3 firefighters, 2 residents suffer minor injuries fighting wildfire behind state Capitol

SALT LAKE CITY — Three firefighters were injured Tuesday and some residents in the Ensign Peak neighborhood were evacuated as a fast-moving grass fire scorched 100 acres of a hillside behind the Utah State Capitol.

The fire was halted by firefighters at the ridges where homes overlook the city. About 40 homes were evacuated as a precaution before crews were able to knock the fire down.

Firefighters battle a brush fire in the foothills above the state Capitol in Salt Lake City on Tuesday, July 24, 2018.
Firefighters battle a brush fire in the foothills above the state Capitol in Salt Lake City on Tuesday, July 24, 2018.
Laura Seitz, Deseret News

Salt Lake fire spokeswoman Audra Sorenson said firefighters went door to door warning residents of the danger and asked them to evacuate.

Two firefighters were treated at University Hospital for heat exhaustion and smoke inhalation and another suffered a leg injury, fire officials said. All three were later released. Two residents were also taken to a hospital for smoke inhalation.

Only one house suffered some fire damage to its exterior.

The fire spread quickly, prompting crews to request more and more assistance within the first 15 minutes.

"The wind is really unpredictable in that area … and it's been touch and go," Sorenson said.

"I don't want to say we've been expecting it, but we have definitely been preparing for something like this," she said. "We've been hopeful that we wouldn't have something going as rapidly on a hot day as this."

Fire crews were able to contain 95 percent of the fire within just three hours.

Officials temporarily closed East Capitol Boulevard and Victory Road as they fought the wildfire.

Justin Peterson, left, and Dustin Holt hose off after fighting a brush fire with garden hoses in the Columbus Court neighborhood in Salt Lake City on Tuesday, July 24, 2018. The fire spread up the dry hillside, threatening surrounding houses.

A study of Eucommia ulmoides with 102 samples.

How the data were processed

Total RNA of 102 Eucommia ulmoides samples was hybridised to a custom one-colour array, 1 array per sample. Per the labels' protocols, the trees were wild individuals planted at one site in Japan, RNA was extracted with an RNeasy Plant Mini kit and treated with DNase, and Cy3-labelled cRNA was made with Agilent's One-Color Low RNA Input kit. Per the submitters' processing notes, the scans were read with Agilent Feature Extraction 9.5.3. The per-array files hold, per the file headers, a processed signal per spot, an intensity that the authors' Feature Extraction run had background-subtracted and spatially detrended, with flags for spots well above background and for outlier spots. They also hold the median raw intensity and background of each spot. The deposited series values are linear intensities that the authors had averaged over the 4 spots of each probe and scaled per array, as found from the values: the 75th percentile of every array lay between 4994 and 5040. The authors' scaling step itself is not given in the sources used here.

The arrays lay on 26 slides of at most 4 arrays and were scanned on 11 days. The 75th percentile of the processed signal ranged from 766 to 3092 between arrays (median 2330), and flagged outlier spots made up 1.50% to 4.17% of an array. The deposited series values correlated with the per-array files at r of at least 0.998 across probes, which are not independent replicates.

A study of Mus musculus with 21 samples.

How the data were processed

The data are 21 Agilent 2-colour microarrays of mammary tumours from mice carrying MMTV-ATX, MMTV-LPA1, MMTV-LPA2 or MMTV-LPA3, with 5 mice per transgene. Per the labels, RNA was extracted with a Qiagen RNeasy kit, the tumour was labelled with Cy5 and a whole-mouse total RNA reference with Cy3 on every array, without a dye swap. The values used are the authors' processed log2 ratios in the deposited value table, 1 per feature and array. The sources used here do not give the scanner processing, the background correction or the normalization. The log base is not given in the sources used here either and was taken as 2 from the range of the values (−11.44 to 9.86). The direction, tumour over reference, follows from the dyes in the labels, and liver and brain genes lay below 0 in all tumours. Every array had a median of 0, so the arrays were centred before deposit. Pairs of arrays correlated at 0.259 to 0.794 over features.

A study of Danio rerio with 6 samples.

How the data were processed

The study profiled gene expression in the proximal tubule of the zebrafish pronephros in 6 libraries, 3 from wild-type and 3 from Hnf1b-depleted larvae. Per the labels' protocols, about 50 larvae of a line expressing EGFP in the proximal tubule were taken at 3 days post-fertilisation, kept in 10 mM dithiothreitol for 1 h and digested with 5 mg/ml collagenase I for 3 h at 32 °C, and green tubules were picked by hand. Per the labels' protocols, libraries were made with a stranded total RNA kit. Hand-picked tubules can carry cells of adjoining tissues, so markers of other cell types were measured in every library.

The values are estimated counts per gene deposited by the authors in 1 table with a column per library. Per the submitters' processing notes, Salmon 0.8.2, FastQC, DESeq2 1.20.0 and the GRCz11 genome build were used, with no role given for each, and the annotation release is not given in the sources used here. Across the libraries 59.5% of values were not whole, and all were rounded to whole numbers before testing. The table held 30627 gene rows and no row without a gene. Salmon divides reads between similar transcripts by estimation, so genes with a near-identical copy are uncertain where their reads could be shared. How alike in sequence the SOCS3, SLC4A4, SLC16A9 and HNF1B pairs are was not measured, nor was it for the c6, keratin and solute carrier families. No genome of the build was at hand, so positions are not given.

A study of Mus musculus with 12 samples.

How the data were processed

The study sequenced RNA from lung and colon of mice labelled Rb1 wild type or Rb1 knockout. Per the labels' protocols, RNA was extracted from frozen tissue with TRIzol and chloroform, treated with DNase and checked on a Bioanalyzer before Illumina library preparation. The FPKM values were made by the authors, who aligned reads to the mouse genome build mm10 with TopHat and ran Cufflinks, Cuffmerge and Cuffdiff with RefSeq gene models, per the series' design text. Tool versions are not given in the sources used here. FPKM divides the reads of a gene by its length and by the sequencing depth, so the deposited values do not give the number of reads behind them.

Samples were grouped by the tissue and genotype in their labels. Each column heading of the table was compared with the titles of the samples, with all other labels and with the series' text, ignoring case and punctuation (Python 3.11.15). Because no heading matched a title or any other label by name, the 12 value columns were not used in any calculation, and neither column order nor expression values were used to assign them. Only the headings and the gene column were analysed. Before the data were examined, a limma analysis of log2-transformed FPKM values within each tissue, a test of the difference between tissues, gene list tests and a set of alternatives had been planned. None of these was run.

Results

Justin Peterson, left, and Dustin Holt hose off after fighting a brush fire with garden hoses in the Columbus Court neighborhood in Salt Lake City on Tuesday, July 24, 2018. The fire spread up the dry hillside, threatening surrounding houses.
James Wooldridge, Deseret News

Investigators do not yet know how the fire began near 690 N. Columbus Street. Fireworks are banned in the area.

Some neighbors worked with firefighters side by side in trying to extinguish the flames.

"Within literally five minutes, that whole hillside exploded into flame," one neighbor said. "Unbelievable!"

Justin Peterson uses a garden hose to battle a brush fire in the Columbus Court neighborhood in Salt Lake City on Tuesday, July 24, 2018. Peterson and his friends were in the pool when they saw the smoke, grabbed garden hoses and started wetting the groun
Justin Peterson uses a garden hose to battle a brush fire in the Columbus Court neighborhood in Salt Lake City on Tuesday, July 24, 2018. Peterson and his friends were in the pool when they saw the smoke, grabbed garden hoses and started wetting the ground surrounding their houses.
James Wooldridge, Deseret News

"I think the scariest thing was when we heard screams and we saw the smoke getting darker," said Maurice Melligan, who also lives in the area. "And that's when the reality of it came in, 'Hey, we're in danger right now.'"

Melligan said he saw his neighbors pack up their cars and vacate the area.

"We could see ash falling in front of us," he said.

"I just ran with the hose and tried to stay in front of it," said neighbor Justin Peterson. "When the firefighters showed up, the flames were so tall, the firefighters were yelling, 'Get out! Get out!' But that house and that house would be gone if we had gotten out, so …"

Firefighters battle a brush fire in the foothills above the state Capitol in Salt Lake City on Tuesday, July 24, 2018.
Firefighters battle a brush fire in the foothills above the state Capitol in Salt Lake City on Tuesday, July 24, 2018.
Laura Seitz, Deseret News

For the first time, Salt Lake firefighters used their new "pumpkin" water tanks. A helicopter made multiple trips to the area, dipping a large orange bucket and returning to douse more flames.

Salt Lake City Mayor Jackie Biskupski praised firefighters' efforts and said a recent $500,000 allocation for equipment to fight wildfires such as Tuesday's was justified.

Biskupski and Salt Lake Fire Chief Karl Lieb plan to visit the scene of the fire early Wednesday to assess damage.

About 50-60 firefighters responded to the fire. Crews received support from the Utah Department of Natural Resources, U.S. Forest Service and American Red Cross.

Sorenson said the Ensign Peak neighborhood can be a dangerous area for fires.

"In the spring we always do mitigation efforts in this area because it's high risk. It's right at the urban interface. So we always go in there and advise them to clear out some of those noxious weeds," she said.

"We work really hard to talk to them about fire prevention. So it's not something we're surprised by. This is a high risk area."